Old guys rule!

Old guys rule!

Stallone’s ‘Expendables 2’ is a dream come true for die-hard fans of ’80s action films, while ‘Odd Life of Timothy Green’ gets personal

By Carl Kozlowski 08/16/2012

 
As a result, the only thing those three stars teamed up for was to create the now-collapsed Planet Hollywood chain of movie-themed restaurants. But two years ago, riding a comeback in which he expertly revived his iconic Rocky and Rambo characters for new hit films, Stallone finally brought the titanic triumvirate together onscreen for the first time in the hit movie “The Expendables.” 
 
Alas, although that film as a whole was entertaining due to the casting of other action stars, such as Jason Statham and Jet Li, as a team of rogue yet heroic mercenaries, it still disappointed fans to a degree by only using Schwarzenegger and Willis in dialogue-driven cameos, and by leaving out fellow ’80s action heroes Chuck Norris and Jean-Claude van Damme altogether. With the new follow-up film “The Expendables 2,” Stallone has fully and gloriously delivered an action-movie lover’s dream come true. 
 
Now fully released from his gubernatorial shackles, Schwarzenegger has a much larger role and gets to pump plenty of machine-gun fire into countless cartoon baddies. Willis also goes full bore on this one, offering plenty of wisecracks and engaging in scenes that poke hilarious fun at his and the others’ invincible images, including one fantastic scene in which he and Arnie squeeze themselves into a Smartcar before unleashing machine-gun-driven devastation across an airport’s interior. 
 
Norris and van Damme are here, too, with roles that co-writers Stallone and Richard Wenk expertly crafted for them. Norris plays a ridiculously skilled mercenary who saves the entire team of Expendables all by himself in one key scene, while van Damme is hilariously yet intentionally over-the-top as Jean Vilain (yes, as in “villain”) leader of an evil gang hoping to gain access to tons of weapons-grade plutonium abandoned by the Soviet Union at the end of the Cold War.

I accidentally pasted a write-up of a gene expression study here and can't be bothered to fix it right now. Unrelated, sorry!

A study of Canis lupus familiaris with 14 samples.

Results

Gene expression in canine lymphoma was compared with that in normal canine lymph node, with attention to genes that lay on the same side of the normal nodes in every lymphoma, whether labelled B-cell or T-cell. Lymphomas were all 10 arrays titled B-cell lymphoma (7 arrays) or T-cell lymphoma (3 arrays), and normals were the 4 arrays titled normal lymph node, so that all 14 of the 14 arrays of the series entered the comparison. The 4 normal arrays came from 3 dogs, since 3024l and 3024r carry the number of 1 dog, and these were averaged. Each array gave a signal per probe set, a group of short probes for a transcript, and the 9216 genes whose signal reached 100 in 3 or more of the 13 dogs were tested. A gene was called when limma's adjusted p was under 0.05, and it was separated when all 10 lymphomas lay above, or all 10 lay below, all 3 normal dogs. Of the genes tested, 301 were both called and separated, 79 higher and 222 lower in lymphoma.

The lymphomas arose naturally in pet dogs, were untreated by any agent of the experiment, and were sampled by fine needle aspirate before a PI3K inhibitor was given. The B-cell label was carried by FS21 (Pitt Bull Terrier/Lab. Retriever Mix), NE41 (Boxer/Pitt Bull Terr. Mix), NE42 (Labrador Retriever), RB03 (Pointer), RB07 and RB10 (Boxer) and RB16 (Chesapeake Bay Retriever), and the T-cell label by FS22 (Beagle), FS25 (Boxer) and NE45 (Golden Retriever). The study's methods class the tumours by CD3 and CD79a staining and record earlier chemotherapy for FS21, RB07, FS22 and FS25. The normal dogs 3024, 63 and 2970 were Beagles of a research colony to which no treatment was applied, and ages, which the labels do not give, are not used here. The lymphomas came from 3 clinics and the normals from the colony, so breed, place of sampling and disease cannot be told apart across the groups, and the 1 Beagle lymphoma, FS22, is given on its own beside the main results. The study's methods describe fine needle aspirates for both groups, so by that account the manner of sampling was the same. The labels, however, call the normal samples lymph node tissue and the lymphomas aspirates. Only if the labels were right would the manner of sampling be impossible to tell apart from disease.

The fact that Vilain is using a helpless village’s population, including women and children, for his nefarious mining interests only adds to the plot’s classic action hero sentiment “We’ve gotta save these people.” And after Vilain viciously kills the Expendables’ youngest member, Stallone and the gang really want to wipe out the bad guys.
From its incredible opening, filled with every imaginable kind of fighting, weaponry and one-liner known to man, through its utterly brilliant casting and surprisingly witty screenplay, “The Expendables 2” is a top-notch action classic that should do monster business both here in America and worldwide.  
 
It is almost relentlessly violent, but in a non-stop, videogame style that’s impossible to take seriously. And its inside-joke one-liners are exactly the kind of lines action fans have been waiting 30 years to hear.
 
Clearly this is a labor of love and a genuine display of real-life, off-screen friendships among its stars paying off onscreen. Director Simon West (“Con Air”) raises everyone to a higher level of commitment, excitement and best of all, entertainment. 

Chip off the old block
Disney’s “The Odd Life of Timothy Green” is a wonderful family film with a positive, pro-adoption premise at its core, told through the recollections of Jim and Cindy Green (Joel Edgerton and Jennifer Garner), who desperately want a child but are unable to conceive.
 
At the film’s start, they sit in an adoption agency, waiting to plead their case about why they should be allowed to adopt. Since their story is so, well, odd, they convince the social worker to let them tell it to her, and proceed to recount their tale. 
 
It turns out that on one lonely night together, they made a wish list of qualities they’d want a son to have. After burying the list in their garden as a symbol of their moving on from a dream deferred, a raging rainstorm hits their home — and only their home. 
 
During the storm, a young boy with leaves growing out of his calves digs himself out from the mud where they had buried the list, and Jim and Cindy accept him as their son, arriving fully formed at the perfect age of 10. As they learn to accept their mysterious guest, Jim and Cindy and the rest of their small town find their lives transformed by the life lessons Timmy teaches them. 
 
“Green” is a sweet, modern-day fable that plays well against the harsh realities of our current economic climate, as Timothy gives Jim and the rest of the workers at Jim’s pencil factory hope with a new invention that could save them from going under. It has beautiful and warmly funny moments throughout, as Timothy experiences the pangs of first love and faces numerous childhood challenges along the way. 
 
Writer-director Peter Hedges (“What’s Eating Gilbert Grape?” and “About a Boy”) has a real gift for telling moving, humane, personal stories in his films, and he pulls off that feat again here. If seeing action stars killing off baddies isn’t your cup of tea, “The Odd Life of Timothy Green” should be a pretty tasty alternative.